By Marta Harnecker, Links International Journal of Socialist Renewal

 

1. The recent and not so recent popular uprisings that rocked numerous countries across the world have clearly demonstrated that
the initiative of the people, in and of itself, is not enough to defeat ruling regimes.

 

2. Impoverished urban and rural sectors, lacking a well-defined plan, have risen up, seized highways, towns and neighborhoods, ransacked stores and stormed parliaments, but despite being able to mobilize hundreds of thousands of people,
neither their size nor their combativeness have been enough to move from mass uprisings to revolution. They have overthrown presidents, but they have not been able to conquer power and initiate a process of deep social transformations.

 

3. On the other hand, the history of triumphant revolutions clearly demonstrates what can be achieved when a political instrument exists that is capable of raising an alternative national program to unify the struggles of diverse social actors behind a common goal; that helps to cohere them and elaborates a path forward for these actors based on an analysis of the existent balance of forces. Only in this manner can actions be carried out at the right place and the right time, always seeking out the weakest link in the enemy’s chain.

 

4. This political instrument is like a piston in a locomotive that takes compressed stream from the boiler and, at the decisive moment, converts it into a powerful force. Of course, as Leon Trotsky said, it is not the piston or the boiler, but the steam which drives the process forward.

 

5. In order for political action to be effective, so that protests, resistance and struggles are genuinely able to change things, to convert mass uprisings into revolutions, a political instrument capable of overcoming the dispersion and fragmentation of the exploited and the oppressed is required: one that can create spaces to bring together those who, in spite of their differences, have a common enemy; that is able to strengthen existing struggles and promote others by orientating their actions according to a thorough analysis of the political situation; that can act as an instrument for cohering the many expressions of resistance and struggle.

 

6. We are aware that there are a number of apprehensions towards such ideas. There are many who are not even willing to discuss them. Such positions are adopted because they associate this idea with the anti-democratic, authoritarian, bureaucratic and manipulative political practices that have characterized many left-wing parties.

 

7. I believe it is fundamental for us to overcome this subjective barrier and understand that when we refer to a political instrument, we are not thinking about any political instrument; we are dealing with a political instrument adjusted to the new times, an instrument that we must build together.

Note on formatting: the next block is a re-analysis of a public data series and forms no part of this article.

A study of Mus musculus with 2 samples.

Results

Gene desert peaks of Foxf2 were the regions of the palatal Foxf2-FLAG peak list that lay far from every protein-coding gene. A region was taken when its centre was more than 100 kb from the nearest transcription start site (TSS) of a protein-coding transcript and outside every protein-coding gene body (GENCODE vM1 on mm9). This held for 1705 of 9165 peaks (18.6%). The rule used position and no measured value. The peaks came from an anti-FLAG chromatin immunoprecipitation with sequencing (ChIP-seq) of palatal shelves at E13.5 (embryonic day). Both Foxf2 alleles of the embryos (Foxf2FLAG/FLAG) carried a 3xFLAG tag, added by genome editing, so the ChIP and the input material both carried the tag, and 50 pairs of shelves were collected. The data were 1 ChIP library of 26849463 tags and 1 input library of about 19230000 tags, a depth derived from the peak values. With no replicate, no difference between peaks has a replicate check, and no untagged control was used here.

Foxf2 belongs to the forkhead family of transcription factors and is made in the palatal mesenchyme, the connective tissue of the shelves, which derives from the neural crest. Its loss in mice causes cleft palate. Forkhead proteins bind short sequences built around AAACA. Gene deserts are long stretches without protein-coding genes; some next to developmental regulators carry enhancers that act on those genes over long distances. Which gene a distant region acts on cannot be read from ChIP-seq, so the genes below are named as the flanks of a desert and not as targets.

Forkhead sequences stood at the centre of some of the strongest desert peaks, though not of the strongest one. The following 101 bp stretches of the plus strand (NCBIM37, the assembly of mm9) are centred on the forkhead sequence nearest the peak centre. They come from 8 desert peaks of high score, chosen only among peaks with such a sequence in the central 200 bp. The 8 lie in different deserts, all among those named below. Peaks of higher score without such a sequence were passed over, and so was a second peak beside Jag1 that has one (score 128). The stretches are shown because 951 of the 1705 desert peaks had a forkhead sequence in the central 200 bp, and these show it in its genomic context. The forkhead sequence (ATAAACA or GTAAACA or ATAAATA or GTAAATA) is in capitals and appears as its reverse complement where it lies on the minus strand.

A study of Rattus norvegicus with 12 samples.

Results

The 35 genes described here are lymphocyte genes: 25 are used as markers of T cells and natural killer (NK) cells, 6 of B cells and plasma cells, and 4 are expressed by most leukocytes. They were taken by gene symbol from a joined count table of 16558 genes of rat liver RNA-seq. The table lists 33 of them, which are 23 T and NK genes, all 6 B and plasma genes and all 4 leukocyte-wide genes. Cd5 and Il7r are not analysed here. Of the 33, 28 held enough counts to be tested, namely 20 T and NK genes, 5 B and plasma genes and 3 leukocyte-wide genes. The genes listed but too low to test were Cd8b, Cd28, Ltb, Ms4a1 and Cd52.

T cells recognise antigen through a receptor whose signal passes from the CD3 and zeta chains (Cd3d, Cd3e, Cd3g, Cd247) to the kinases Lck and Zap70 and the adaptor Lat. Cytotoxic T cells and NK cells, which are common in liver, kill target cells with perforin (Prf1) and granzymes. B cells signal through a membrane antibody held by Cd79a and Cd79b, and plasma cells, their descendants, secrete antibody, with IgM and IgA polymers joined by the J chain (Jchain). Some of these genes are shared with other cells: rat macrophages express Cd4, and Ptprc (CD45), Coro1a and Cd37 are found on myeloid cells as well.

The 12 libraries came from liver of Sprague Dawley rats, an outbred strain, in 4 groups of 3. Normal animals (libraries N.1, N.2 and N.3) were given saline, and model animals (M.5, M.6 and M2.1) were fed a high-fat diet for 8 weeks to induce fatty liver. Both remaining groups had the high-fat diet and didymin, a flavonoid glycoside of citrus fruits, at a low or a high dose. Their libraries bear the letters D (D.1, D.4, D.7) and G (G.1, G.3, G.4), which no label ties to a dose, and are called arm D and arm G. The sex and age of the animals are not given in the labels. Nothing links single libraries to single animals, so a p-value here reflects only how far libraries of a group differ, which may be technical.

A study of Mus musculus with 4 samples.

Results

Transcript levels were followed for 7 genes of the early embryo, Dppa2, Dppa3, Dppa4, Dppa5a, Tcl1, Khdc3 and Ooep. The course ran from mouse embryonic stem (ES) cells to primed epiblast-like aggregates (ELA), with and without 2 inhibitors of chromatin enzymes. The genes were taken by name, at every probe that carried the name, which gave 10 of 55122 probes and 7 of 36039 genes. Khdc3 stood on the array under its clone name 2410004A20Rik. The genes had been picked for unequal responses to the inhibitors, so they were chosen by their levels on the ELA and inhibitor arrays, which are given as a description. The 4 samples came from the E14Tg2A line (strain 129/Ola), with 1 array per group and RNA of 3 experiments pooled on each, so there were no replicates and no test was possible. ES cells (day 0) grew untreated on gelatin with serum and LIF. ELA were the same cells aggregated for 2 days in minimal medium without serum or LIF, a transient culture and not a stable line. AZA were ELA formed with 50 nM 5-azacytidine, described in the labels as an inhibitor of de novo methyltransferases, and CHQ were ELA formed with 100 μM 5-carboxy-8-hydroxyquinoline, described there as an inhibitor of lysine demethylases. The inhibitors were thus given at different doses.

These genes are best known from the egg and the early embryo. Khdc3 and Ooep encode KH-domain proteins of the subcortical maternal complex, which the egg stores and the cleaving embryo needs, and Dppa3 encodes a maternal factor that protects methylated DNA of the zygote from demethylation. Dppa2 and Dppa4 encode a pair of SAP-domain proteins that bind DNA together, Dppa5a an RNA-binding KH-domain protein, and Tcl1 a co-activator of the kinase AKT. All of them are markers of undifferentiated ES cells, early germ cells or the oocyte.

8. However, in order to create or refashion this new political instrument, the left has to change its political culture and its vision of politics. This cannot be reduced to institutional political disputes for control over parliament or local governments; to approving laws or winning elections. In this conception of politics, the popular sectors and their struggles are completely ignored. Neither can politics be limited to the art of what is possible.

 

9. For the left, politics must be the art of making possible the impossible. And we are not talking here about a voluntarist declaration. We are talking about understanding politics as the art of constructing a social and political force capable of changing the correlation of force in favor of the popular movement, to make possible in the future what today appears impossible.

 

10. We have to think of politics as the art of constructing forces. We have to overcome the old and deeply-rooted mistake of trying to build a political force without building a social force.

 

11. Unfortunately, there is still a lot of revolutionary phase-mongering among our militants; too much radicalism in their statements. I am convinced that the only way to radicalize a given situation is through the construction of forces. Those whose words are filled with demands for radicalization must answer the following question: what are you doing to construct the political and social force necessary to push the process forward?

 

12. But this construction of forces cannot occur spontaneously; only popular uprisings happen spontaneously. It requires a political instrument that is capable of consciously building the required forces.

 

13. And I envisage this political instrument as an organization capable of raising a national project that can unify and act as a compass for all those sectors that oppose neoliberalism. As an organization that is orientated towards the rest of society, that respects the autonomy of the social movements instead of manipulating them. And one whose militants and leaders are true popular pedagogues, capable of stimulating the knowledge that exists within the people—derived from their cultural traditions, as well as acquired in their daily struggles for survival—through the fusion of this knowledge with the most all-encompassing knowledge that the political organization can offer. An orientating and cohering instrument at the service of the social movements.

 

This is the first in a series of twelve articles that were first published in 2004 and have been updated and revised for publication in a second edition the pamphlet Ideas for the struggle.